Objectives: The purpose of this study was to investigate the relationship of serum digoxin concentration (SDC) and outcomes in women with heart failure (HF).
Background: Controversy continues concerning the clinical utility of digoxin in women with HF.
Methods: Our analysis was retrospective with data from the Digitalis Investigation Group (DIG) trial. The principal study analysis reviewed 4,944 patients with HF due to systolic dysfunction who survived for at least 4 weeks (all 3,366 patients randomized to placebo and the 1,578 of 3,372 patients randomized to digoxin who had serum concentration measured 6 to 30 h [inclusive] after the last dose of study drug at 4 weeks).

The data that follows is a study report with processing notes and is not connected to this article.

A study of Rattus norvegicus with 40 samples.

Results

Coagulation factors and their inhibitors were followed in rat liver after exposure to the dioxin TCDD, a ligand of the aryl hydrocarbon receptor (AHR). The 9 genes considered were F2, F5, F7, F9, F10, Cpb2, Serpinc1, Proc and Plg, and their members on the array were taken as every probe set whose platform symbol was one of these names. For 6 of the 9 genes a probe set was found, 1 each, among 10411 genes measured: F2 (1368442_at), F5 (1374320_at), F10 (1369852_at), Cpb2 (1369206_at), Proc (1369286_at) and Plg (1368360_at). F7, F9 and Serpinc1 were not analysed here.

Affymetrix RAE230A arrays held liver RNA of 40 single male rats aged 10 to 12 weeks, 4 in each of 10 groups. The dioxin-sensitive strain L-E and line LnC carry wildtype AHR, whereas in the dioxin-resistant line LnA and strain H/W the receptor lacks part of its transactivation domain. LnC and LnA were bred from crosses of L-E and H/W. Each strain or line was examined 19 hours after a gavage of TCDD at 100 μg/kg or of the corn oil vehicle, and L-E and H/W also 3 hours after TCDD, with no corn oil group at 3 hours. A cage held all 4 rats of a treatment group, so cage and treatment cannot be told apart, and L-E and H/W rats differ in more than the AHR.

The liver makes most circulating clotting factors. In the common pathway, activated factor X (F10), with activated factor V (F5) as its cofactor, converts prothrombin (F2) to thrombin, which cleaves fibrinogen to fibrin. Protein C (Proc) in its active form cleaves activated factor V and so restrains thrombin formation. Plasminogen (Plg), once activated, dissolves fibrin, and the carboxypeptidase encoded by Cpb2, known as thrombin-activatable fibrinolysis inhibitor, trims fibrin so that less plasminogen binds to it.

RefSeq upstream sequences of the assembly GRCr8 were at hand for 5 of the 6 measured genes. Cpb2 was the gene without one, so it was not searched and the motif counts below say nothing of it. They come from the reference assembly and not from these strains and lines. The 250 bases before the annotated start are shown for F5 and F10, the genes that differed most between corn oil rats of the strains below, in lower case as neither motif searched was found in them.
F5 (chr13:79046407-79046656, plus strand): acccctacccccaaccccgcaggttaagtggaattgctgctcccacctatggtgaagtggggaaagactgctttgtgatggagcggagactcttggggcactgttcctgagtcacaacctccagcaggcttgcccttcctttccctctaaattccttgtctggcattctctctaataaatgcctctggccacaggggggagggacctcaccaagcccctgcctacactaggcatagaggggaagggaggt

Results: Continuous multivariable analysis demonstrated a significant linear relationship between SDC and mortality in women (p = 0.008) and men (p = 0.002, p = 0.766 for gender interaction). Averaging hazard ratios (HRs) across serum concentrations from 0.5 to 0.9 ng/ml in women produced a HR for death of 0.8 (95% confidence interval [CI] 0.62 to 1.13, p = 0.245) and for death or hospital stay for worsening HF of 0.73 (95% CI 0.58 to 0.93, p = 0.011). In contrast, SDCs from 1.2 to 2.0 ng/ml were associated with a HR for death for women of 1.33 (95% CI 1.001 to 1.76, p = 0.049).
Conclusions: Retrospective analysis of data from the DIG trial indicates a beneficial effect of digoxin on morbidity and no excess mortality in women at serum concentrations from 0.5 to 0.9 ng/ml, whereas serum concentrations > or =1.2 ng/ml seem harmful.